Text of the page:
USDA’s Perdue tours farm
By Darcy Dougherty Maulsby
NEVADA -Read a 17-page speech written by USDA staff, or speak from the heart? U.S. Secretary of Agriculture Sonny Perdue endeared himself to farmers and other ag leaders when he chose the latter during a town hall meeting at a Nevada-area farm on May 5.
“You don’t forget the sights, smells and sounds of the farm,” said Perdue, who recalled the feel of an “old slimy Holstein tongue” as he described his years growing up on a dairy and diversified row-crop farm near Bonaire, Georgia. “My heart is in agriculture, and I’m proud to be called an agriculturist.”
When asked what qualifies him to serve in government, he’s even more candid. “I’ve got the boots, gloves and shovel,” he joked during his first major farm policy speech, which he delivered on the Couser family’s farm near Nevada.
Perdue, who became the 31st U.S. Secretary of Agriculture on April 25, brings a wide array of practical ag experience to his new role. “Sonny Perdue is the perfect person to be Secretary of Agriculture,” said Sen. Charles Grassley (R-Iowa), who spoke during the town hall meeting. “He has a wonderful ag policy background and has already made an impact on the Trump administration about the importance of trade for agriculture.”
Uniquely qualified as a former farmer, Air Force veteran, agribusinessman, veterinarian, state legislator and governor of Georgia, Perdue said he’s happy to be an “adopted Iowa son.” “I’m here in Iowa to learn,” emphasized Perdue, who pledges to be the most unapologetic advocate for American agriculture.
USDA motto: Do right and feed everyone
The farm community’s willingness to share knowledge fits with USDA’s new motto: ‘Do right and feed everyone,'” Perdue noted. Under Perdue’s leadership, this motto is reflected in USDA policies guided by five key principles, including:
1. Less government interference. Perdue believes the American government should try to remove every obstacle so farmers and ranchers have every opportunity to prosper. President Donald Trump also embraces this mindset, Perdue said. “Our president believes in Team USA and government that works for the American people, not against them,” Perdue said.
2. More international trade. Trump and USDA understand that agriculture is vital to the U.S. economy, said Perdue, who praised Iowa and Governor Terry Branstad for building international relations. In 1985, China’s current president, Xi Jinping, was a Communist party official and feed cooperative director from Hebei Province who toured eastern Iowa farms with a small group of other Chinese officials. “Seeing the magic and majesty of Iowa agriculture made quite an impression on those young men,” Perdue said. “Xi Jinping also remembers your kindness and hospitality.”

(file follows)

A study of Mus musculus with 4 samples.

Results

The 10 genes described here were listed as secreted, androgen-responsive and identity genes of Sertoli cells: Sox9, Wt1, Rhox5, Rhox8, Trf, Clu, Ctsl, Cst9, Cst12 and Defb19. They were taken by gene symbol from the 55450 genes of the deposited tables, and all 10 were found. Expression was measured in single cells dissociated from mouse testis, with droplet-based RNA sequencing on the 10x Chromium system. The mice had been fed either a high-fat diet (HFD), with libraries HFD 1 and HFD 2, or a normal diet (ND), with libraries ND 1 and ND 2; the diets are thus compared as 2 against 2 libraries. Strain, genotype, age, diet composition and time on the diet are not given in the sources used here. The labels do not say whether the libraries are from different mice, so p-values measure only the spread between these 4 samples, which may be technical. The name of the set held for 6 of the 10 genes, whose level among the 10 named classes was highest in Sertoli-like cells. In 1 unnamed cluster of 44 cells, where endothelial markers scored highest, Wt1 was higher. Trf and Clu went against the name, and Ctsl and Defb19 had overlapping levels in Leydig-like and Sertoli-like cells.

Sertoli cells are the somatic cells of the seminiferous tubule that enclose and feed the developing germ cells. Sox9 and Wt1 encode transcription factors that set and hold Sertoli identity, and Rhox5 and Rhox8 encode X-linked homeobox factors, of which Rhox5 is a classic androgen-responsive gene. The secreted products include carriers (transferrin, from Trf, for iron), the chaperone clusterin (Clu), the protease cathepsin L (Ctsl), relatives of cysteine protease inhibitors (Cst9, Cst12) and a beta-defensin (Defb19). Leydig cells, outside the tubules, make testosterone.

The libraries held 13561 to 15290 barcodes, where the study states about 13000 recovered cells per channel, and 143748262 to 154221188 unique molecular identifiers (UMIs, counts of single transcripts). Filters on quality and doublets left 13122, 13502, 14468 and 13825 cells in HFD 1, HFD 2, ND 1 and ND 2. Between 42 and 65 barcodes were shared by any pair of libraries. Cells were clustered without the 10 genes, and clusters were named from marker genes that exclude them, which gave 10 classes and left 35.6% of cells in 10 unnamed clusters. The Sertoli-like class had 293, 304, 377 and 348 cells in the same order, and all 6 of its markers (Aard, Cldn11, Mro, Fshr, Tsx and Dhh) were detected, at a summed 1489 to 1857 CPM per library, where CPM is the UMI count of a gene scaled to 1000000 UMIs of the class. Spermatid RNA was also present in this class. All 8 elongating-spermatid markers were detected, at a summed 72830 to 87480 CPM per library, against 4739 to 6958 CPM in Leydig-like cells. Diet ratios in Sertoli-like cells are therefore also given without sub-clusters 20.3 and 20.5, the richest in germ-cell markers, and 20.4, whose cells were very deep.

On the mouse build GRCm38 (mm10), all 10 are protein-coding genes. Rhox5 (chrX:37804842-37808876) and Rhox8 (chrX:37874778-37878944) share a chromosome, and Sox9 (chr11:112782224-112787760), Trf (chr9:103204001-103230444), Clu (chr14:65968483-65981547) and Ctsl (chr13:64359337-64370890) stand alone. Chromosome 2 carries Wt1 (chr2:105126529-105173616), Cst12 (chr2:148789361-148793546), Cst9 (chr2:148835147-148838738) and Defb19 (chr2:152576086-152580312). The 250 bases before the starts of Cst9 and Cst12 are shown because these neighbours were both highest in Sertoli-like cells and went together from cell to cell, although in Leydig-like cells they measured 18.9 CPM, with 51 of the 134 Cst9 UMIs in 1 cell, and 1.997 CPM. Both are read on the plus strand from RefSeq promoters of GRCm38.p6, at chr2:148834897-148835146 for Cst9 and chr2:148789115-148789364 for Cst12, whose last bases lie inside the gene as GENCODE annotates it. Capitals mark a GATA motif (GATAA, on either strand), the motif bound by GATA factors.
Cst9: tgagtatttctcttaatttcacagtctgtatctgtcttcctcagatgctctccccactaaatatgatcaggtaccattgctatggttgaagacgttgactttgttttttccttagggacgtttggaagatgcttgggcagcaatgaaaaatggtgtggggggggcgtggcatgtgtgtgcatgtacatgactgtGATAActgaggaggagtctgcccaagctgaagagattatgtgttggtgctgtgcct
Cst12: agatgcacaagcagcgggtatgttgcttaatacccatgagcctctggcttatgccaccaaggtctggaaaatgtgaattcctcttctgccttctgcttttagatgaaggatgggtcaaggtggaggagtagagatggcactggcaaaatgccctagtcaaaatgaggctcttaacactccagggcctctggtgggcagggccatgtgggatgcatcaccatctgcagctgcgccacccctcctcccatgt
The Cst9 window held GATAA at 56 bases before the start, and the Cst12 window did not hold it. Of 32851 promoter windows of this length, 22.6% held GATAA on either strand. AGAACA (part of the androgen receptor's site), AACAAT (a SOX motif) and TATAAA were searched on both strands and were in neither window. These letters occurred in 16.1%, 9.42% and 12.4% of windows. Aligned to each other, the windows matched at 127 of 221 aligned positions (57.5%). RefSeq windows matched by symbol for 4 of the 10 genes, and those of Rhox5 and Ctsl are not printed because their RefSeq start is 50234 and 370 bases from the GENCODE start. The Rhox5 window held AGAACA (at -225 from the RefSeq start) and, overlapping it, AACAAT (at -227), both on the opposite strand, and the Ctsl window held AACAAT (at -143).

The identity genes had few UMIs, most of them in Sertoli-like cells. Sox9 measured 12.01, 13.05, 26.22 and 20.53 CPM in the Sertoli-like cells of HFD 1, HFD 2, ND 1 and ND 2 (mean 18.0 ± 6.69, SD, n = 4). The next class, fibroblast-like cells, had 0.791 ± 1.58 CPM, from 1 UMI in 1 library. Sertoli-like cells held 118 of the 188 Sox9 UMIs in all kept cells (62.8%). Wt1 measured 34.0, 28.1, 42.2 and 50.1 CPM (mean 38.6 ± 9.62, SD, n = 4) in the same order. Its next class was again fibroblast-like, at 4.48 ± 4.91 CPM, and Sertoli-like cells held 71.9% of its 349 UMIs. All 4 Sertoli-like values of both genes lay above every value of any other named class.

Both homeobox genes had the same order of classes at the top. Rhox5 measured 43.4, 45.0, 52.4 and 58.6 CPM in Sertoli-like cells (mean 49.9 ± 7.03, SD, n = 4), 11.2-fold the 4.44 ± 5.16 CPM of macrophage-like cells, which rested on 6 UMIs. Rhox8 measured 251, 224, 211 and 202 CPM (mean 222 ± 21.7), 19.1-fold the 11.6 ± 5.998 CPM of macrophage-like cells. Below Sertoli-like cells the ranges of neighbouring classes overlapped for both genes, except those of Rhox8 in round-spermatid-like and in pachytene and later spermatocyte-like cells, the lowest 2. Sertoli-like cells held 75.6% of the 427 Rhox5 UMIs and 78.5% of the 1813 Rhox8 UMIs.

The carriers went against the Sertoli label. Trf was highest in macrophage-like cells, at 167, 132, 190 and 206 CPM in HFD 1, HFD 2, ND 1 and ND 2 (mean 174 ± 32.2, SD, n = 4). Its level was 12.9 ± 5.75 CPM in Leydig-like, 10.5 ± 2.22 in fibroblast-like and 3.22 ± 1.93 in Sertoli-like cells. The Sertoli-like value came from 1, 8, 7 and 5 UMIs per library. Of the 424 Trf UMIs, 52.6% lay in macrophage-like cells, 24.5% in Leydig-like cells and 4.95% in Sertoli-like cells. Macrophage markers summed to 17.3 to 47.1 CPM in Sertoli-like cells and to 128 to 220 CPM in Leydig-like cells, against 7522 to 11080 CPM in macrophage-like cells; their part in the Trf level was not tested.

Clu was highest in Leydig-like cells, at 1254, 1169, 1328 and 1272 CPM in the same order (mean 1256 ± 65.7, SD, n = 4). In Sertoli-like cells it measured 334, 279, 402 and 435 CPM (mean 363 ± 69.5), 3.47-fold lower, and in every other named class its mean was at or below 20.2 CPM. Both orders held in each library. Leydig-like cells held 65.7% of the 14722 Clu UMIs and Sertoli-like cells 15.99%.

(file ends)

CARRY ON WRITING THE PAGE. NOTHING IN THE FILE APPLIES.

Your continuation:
Perdue noted that American agriculture needs a strong advocate to promote its interests to international markets. The relationship between the USDA and its trade representatives, as well as with the U.S. Trade Representative and Department of Commerce, will be essential, he added. “People do business with people, so we will promote U.S. worldwide. You grow it; we’ll sell it.”
3.Food security. International buyers and American consumers expect a safe, secure food supply. USDA will continue to ensure that food products meet strict safety standards. “Food security is a key component of national security, because hunger and peace do not long coexist,” Perdue added. “Thank you and God bless you, America’s farmers and ranchers. You are part of our national security.”
Sound science. Under Perdue, USDA will be facts-based and data-driven, with a decision-making mindset that is customer-focused. “That’s what works,” said Perdue, who praised the Couser family for their high-tech, scientific approach to row-crop farming and cattle production. “Sound science allows farmers to not only grow healthy food, but a healthy environment.” While American agriculture is the most advanced manufacturing industry today, more creativity and innovation will take it to the next level, Perdue added.
4. “Ag-vocacy.” Perdue knows that America’s agricultural bounty comes directly from the land. These land resources sustain more than 320 million Americans and countless millions more people around the globe, added Perdue, who emphasized that this remarkable story must be told. “We can’t just be great producers. We must be great communicators who share American agriculture’s story around the world.”
Manson-area farmer Brent Johnson liked what he heard at the town hall. “I was really impressed by the way Sonny Perdue speaks the farmer’s language,” said Johnson, who owns Labre Crop Consulting and serves as the District 4 Iowa Farm Bureau Federation board representative. “He’s easy to relate to and is an unapologetic advocate for agriculture.”
Johnson also liked Perdue’s common-sense approach, which was reflected in one of Perdue’s final remarks about farming and family during the town hall meeting. Even when Perdue’s father wasn’t sure he’d have the opportunity to farm rented land the following year, he added lime to improve the soil. “As stewards of the land, it was our responsibility to leave the land better than we found it,” Perdue said. “This philosophy reflects our heart in agriculture and at USDA.”